Jane Austen Ruined My Life by Beth Pattillo

I know we’re not supposed to think this, let alone put it in writing, but I knew when I saw the cover that I’d love this book. Picture this: a forest scene in mostly sepia and muted greens and browns; a bench with a beautiful woman in a red dress and strappy sandals lying in a swoon with one Kleenex-holding arm over her eyes, apparently overwhelmed; above the woman, the words “Jane Austen ruined my life,” with Austen’s name in the red of the fallen heroine’s dress.

The story’s pretty good, too.

Emma is our 33-year-old heroine, an Austen devotee who believed in happily ever after until she arrived home to find her scholarly husband in flagrante with her teaching assistant on the kitchen table. The lovers conspire to ruin Emma’s own academic reputation and get her fired from the university, and, in one foul swoop, she loses her home, her husband, and her belief in happy endings.

If ever a girl needed a trip to Jane Austen’s England  . . .

When Emma arrives, she has a Jane Austen mystery to solve (involving letters believed to be, but not actually, burned by Cassandra and now preserved by a small group called the Formidables), and a handsome male friend who also despises Edward (Emma’s soon-to-be ex: why’d he have to be a Milton scholar?) with whom to reacquaint herself. There are some tasks to undertake before her source will give her the information she so desperately seeks, both to satisfy her curiosity and to salvage career.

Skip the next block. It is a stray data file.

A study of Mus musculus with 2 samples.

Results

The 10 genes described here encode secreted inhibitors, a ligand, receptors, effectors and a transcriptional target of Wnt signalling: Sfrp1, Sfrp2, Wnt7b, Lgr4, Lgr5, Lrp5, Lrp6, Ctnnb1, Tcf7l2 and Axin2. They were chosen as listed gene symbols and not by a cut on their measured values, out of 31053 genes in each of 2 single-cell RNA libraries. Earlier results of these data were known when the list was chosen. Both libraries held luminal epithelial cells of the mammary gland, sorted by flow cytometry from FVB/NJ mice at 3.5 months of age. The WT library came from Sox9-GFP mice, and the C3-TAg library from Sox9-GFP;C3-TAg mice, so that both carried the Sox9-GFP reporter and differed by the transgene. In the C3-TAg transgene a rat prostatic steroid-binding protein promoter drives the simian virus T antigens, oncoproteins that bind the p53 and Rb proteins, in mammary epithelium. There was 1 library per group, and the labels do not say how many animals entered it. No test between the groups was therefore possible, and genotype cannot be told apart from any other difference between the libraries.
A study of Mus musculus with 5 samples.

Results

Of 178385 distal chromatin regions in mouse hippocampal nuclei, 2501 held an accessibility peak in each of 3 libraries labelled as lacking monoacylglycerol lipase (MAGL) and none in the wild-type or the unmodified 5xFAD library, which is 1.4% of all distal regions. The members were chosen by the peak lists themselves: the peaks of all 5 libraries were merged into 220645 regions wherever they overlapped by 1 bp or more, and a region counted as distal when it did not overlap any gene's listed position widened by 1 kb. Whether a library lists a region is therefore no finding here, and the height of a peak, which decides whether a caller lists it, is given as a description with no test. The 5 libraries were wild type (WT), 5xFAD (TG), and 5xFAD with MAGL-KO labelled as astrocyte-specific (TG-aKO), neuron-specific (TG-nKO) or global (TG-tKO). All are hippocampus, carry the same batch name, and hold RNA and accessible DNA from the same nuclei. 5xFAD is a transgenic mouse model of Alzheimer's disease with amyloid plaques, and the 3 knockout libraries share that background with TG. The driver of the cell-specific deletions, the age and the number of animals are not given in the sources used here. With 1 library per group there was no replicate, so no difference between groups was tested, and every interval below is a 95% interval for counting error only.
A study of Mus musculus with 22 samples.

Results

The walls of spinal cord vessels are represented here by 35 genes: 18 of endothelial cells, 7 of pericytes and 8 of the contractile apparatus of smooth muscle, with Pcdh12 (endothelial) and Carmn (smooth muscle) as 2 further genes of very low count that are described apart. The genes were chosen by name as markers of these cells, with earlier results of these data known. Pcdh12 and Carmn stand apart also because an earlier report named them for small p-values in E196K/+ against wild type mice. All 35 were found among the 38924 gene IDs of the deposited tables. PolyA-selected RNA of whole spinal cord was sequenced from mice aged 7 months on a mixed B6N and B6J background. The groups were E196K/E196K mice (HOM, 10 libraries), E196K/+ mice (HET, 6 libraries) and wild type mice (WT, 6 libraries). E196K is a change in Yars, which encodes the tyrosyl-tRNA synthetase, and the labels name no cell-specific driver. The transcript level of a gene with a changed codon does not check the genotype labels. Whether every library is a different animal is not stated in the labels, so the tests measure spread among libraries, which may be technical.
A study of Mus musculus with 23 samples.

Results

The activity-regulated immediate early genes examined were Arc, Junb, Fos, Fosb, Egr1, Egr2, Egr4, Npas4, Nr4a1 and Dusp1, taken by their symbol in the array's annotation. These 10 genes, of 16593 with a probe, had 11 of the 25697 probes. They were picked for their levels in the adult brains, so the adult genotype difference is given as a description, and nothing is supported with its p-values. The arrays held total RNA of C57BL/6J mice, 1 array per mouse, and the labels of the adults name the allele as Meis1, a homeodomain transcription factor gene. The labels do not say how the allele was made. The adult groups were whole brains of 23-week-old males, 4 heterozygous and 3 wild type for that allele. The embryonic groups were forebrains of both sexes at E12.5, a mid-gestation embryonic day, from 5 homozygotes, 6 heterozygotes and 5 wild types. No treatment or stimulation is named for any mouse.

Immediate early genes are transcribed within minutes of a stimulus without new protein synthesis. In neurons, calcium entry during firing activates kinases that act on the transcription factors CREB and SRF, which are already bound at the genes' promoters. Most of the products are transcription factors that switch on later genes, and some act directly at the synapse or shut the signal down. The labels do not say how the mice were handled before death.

I like to think I’m pretty skilled at recognizing the Wickham-type character, the one who threatens to lead our vulnerable heroine astray, but I think, though he looks at Emma as if she “were his favorite dessert” (is that simile borrowed from The Jane Austen Book Club?), the real threat to Emma’s security, both morally and emotionally, is herself. She wants to get revenge on Jane Austen for making her believe in happy endings, but she needs to learn about her own destiny as well as Jane’s before she can realize that such vengeance is not only unnecessary and unmerited, but also useless.

Along that journey, there are several mysteries—so much fun to read!—and several visits to key Austen places in England (Steventon, Lyme, the Portrait Gallery, Bath, Chawton, but notably not Winchester). The Chawton scene is particularly touching. Emma sneaks a touch of the actual table where the original, specially-designed desk rested (my brother Alex built me a replica of Austen’s desk with the slanted workspace and the hidden compartments for a special birthday, so I particularly enjoyed this scene). This encounter helps reinforce the shared bond between Jane Austen and Emma as writers, and, ultimately, helps Emma walk away from evil—her own—into which the Wickham-esque character leads her.

The lesson about happy endings employs both hopeful optimism and practical realism: “Happy endings, lifelong ones, are the products of both effort and luck.” Emma learns that lesson and tries to steer her course properly for effort, but she also knows that luck is part of the equation. Jane taught her that, she says, and she helps teach it to us.